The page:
MARCH 5, 2020
Incompatible with life
It’s trisomy 18 awareness month and recently been Rare Diseases Day, so I thought I would take the opportunity to share few patient stories.
Trisomy 18, also known as Edward’s Syndrome and Trisomy 13, Patau Syndrome are both dreaded diagnoses. A child with these syndromes has an extra chromosome at position 18 or 13 which leads to numerous congenital problems involving the brain, development and sometimes the heart.
Both are also associated with a very much shortened lifespan, and therefore when diagnosed antenatally, parents are offered a termination of the pregnancy. Two very unhelpful terms that have been used to describe the conditions, are ‘incompatible with life’ or ‘lethal’.
Pictured here is beautiful Atarah who turned 1 year old last week. She also happens to have Trisomy 13. As one would expect, her parents were counselled that the child wouldn’t survive long; they should expect ‘anything, anytime’. However, after about 7 months of fear and distress, while trying to live a normal life and enjoy their baby girl, geneticist who confirmed the diagnosis, but now explained that Atarah has mosaic trisomy 13 – not all her cells are affected, which means she has a less severe form of the condition.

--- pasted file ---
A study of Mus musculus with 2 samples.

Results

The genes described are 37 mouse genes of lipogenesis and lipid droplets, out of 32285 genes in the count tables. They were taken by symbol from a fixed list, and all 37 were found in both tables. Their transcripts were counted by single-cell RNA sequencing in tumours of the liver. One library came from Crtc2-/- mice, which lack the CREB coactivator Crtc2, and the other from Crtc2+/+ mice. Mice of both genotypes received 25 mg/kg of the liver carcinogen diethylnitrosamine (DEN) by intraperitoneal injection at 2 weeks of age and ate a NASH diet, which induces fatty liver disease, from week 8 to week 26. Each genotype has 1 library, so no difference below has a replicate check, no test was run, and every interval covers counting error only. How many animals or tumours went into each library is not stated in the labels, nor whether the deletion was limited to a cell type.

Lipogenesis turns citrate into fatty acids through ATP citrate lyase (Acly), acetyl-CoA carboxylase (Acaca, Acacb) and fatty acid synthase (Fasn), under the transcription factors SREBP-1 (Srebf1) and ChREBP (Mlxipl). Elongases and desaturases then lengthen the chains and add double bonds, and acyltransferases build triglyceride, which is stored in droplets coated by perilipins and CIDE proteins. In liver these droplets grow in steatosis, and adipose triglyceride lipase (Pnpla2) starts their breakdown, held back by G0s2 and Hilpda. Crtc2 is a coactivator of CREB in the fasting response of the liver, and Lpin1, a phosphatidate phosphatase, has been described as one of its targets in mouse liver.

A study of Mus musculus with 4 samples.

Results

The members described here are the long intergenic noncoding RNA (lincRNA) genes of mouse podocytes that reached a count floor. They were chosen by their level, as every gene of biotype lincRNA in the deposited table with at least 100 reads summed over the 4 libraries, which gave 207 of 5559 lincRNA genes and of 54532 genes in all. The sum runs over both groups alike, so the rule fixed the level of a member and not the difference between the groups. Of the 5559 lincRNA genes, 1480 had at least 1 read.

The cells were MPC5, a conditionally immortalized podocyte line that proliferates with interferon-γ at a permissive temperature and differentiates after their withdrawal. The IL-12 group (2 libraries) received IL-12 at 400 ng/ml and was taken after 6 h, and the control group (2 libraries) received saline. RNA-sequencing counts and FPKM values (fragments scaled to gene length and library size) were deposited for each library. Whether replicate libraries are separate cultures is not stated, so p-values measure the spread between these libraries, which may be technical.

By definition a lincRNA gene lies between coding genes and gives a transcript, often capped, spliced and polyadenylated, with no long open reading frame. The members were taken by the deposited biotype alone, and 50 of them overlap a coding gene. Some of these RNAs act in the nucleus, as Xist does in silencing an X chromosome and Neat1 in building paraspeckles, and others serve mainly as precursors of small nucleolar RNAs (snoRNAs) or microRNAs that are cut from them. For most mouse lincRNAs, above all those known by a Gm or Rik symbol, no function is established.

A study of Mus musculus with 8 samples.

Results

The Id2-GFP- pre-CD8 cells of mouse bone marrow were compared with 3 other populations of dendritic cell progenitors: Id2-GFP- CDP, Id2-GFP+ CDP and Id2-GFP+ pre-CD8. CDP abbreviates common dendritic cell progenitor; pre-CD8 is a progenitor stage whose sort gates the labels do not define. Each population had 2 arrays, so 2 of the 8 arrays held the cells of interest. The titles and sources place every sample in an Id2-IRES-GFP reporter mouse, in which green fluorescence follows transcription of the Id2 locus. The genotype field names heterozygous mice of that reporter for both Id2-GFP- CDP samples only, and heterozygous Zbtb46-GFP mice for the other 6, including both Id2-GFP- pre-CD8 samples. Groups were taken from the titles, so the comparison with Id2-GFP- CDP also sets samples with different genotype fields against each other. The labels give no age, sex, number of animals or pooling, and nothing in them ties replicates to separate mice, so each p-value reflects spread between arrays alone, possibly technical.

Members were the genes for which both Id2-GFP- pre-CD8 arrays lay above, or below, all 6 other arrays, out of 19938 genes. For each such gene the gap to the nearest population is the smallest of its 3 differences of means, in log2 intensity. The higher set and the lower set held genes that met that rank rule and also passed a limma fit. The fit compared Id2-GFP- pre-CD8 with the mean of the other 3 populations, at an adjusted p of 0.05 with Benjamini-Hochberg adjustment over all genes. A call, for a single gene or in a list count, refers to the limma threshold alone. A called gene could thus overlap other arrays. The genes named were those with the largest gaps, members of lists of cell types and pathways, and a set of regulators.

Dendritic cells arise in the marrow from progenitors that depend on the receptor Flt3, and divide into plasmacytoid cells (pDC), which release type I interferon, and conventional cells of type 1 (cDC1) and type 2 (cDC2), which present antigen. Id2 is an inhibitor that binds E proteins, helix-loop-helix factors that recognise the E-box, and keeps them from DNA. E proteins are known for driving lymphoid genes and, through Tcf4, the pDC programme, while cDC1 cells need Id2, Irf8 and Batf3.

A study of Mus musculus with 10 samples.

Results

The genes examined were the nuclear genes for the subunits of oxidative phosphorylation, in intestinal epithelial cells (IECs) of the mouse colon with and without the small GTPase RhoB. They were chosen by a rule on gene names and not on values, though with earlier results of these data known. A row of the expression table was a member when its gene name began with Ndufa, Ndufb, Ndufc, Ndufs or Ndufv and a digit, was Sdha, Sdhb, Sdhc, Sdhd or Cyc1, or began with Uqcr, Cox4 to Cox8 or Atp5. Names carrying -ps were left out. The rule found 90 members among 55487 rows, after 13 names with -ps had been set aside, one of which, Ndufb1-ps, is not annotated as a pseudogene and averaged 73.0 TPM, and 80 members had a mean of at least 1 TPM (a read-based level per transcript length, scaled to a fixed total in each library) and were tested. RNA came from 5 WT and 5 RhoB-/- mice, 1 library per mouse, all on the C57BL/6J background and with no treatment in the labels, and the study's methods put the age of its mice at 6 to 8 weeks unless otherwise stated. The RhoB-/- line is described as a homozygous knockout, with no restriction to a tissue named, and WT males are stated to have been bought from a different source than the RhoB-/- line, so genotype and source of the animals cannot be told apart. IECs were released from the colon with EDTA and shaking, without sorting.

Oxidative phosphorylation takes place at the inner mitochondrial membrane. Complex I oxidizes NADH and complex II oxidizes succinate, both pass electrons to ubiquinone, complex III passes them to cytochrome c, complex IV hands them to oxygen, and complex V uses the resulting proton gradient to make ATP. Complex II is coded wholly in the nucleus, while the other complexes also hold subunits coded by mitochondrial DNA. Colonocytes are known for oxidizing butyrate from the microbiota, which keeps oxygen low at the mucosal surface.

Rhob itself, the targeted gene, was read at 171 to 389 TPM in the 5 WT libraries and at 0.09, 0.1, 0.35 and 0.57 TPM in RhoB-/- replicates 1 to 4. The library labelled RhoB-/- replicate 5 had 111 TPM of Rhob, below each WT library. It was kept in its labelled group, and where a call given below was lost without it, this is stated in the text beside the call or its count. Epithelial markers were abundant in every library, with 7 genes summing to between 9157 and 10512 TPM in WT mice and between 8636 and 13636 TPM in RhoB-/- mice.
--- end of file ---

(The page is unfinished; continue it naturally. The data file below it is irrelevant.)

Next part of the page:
On the other hand, baby Grace died last week at the age of 3 months. The Edwards Syndrome diagnosis came as a massive shock to her parents after she was born. They were also counselled that Grace would not survive long. They grappled, asking what does that mean? How should we manage her? Do we bother with the cardiology appointment knowing that in a South African state hospital, she will never be offered heart surgery if there is a problem?
No one can give an accurate answer. But gentle, honest discussion and good palliative care can help.
Baby S. is 9 months old today. She has developmental delay and visual problems but she is gaining some weight and is a happy baby. One specialist doctor that was asked to assess her told the mother bluntly, “there is not much point as there is nothing we can do for her anyway.”
So what do these 3 children have in common? Trisomy? A rare disorder? A syndrome?
Way more than their diagnoses, these three little girls have lived a life worth living and have brought joy and love to their families.
What about for us as healthcare professionals? These children help to teach us that we are not our diagnosis. Each of us is a unique individual with a story to write. That whether a life is 3 hours, 3 months or 103 years, it is still a life. And instead of trying to prepare parents for a child ‘that won’t survive long’ we can help parents to get on with the business of loving and living with their child.